MPS-Authors
Scientific Service Groups, Max Planck Institute of Biochemistry, Max Planck Society;

Oesterhelt, Dieter / Membrane Biochemistry, Max Planck Institute of Biochemistry, Max Planck Society;

Oesterhelt, Dieter / Membrane Biochemistry, Max Planck Institute of Biochemistry, Max Planck Society;

Oesterhelt, Dieter / Membrane Biochemistry, Max Planck Institute of Biochemistry, Max Planck Society;


Zenke, R., von Gronau, S., Bolhuis, H., Gruska, M., Pfeiffer, F., & Oesterhelt, D. (2015). Fluorescence microscopy visualization of halomucin, a secreted 927 kDa protein surrounding Haloquadratum walsbyi cells. FRONTIERS IN MICROBIOLOGY, 6: 249. doi:10.3389/fmicb.2015.00249.


Cite as: http://hdl.handle.net/11858/00-001M-0000-0026-CC5C-4
Abstract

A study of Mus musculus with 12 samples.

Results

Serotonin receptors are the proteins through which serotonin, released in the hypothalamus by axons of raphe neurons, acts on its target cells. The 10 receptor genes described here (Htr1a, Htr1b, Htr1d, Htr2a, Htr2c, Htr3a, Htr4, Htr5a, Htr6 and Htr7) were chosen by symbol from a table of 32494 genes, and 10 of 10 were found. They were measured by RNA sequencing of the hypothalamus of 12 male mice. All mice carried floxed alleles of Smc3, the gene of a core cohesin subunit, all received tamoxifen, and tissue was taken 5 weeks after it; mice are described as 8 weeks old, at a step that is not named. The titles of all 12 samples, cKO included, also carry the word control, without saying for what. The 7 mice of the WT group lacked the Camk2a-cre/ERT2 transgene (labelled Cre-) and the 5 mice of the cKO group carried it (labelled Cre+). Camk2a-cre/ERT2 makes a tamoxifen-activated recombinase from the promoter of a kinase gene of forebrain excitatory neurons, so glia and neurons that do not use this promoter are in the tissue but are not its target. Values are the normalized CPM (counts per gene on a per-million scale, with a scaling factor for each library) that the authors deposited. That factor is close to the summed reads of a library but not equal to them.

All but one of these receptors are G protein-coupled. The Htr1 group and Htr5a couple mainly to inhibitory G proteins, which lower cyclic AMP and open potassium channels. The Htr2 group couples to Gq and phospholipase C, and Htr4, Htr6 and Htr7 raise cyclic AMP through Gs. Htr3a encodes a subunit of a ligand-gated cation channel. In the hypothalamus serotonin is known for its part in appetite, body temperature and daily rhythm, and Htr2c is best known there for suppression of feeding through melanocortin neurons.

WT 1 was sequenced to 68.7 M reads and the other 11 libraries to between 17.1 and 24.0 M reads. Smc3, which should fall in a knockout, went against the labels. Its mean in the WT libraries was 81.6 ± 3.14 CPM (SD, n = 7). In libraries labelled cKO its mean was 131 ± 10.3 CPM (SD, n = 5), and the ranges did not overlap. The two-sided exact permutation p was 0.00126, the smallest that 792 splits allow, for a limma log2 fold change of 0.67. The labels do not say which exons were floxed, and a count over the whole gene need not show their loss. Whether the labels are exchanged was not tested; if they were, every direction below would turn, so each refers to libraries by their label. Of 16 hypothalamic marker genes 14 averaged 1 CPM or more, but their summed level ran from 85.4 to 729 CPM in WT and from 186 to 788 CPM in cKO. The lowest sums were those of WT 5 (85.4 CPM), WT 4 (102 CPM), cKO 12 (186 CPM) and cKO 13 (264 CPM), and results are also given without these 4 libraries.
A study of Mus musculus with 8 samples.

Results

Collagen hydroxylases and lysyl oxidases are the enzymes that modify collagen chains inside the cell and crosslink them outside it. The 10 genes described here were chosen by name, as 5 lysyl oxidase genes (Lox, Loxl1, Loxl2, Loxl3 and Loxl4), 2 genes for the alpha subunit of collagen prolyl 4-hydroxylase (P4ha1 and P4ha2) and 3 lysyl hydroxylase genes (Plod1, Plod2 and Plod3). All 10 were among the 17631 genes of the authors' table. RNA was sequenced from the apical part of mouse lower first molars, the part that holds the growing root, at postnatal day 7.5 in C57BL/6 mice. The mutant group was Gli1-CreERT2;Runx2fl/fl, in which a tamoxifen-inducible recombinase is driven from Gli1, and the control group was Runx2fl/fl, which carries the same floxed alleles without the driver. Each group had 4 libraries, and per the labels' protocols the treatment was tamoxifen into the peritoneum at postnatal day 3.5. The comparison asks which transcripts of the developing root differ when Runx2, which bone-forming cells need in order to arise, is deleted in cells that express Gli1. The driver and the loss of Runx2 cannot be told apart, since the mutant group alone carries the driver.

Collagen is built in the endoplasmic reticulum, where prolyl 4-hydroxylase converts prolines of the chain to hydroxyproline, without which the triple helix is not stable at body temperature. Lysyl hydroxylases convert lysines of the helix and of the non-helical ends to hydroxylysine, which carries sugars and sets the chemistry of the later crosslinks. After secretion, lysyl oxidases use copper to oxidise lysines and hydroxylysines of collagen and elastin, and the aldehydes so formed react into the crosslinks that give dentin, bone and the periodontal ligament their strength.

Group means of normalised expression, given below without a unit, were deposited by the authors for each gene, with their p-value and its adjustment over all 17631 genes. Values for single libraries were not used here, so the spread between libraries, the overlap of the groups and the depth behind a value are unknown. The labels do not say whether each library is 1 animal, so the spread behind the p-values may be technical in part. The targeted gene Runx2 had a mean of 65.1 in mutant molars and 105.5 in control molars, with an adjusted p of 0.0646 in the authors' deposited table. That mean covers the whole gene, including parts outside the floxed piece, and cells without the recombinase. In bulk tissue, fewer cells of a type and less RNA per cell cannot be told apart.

At the time of its first publication, halomucin from Haloquadratum walsbyi strain HBSQ001 was the largest archaeal protein known (9159 aa). It has a predicted signal sequence, making it likely to be an extracellular or secreted protein. Best BLAST matches were found to be mammalian mucins that protect tissues to dehydration and chemical stress. It was hypothesized that halomucin participates in protection against desiccation by retaining water in a hull around the halophilic organisms that live at the limits of water activity. We visualized Halo quadratum cells by staining their intracellular polyhydroxybutyrate granules using Nile Blue. Halomucin was stained by immunofluorescence with antibodies generated against synthetic peptides derived from the halomucin amino acid sequence. Polyhydroxybutyrate stained cells were reconstructed in 3D which highlights not only the highly regular square shape but also the extreme flatness of Haloquadratum. Double-staining proves halomucin to be extracellular but to be only loosely associated to cells in agreement with its hypothesized function.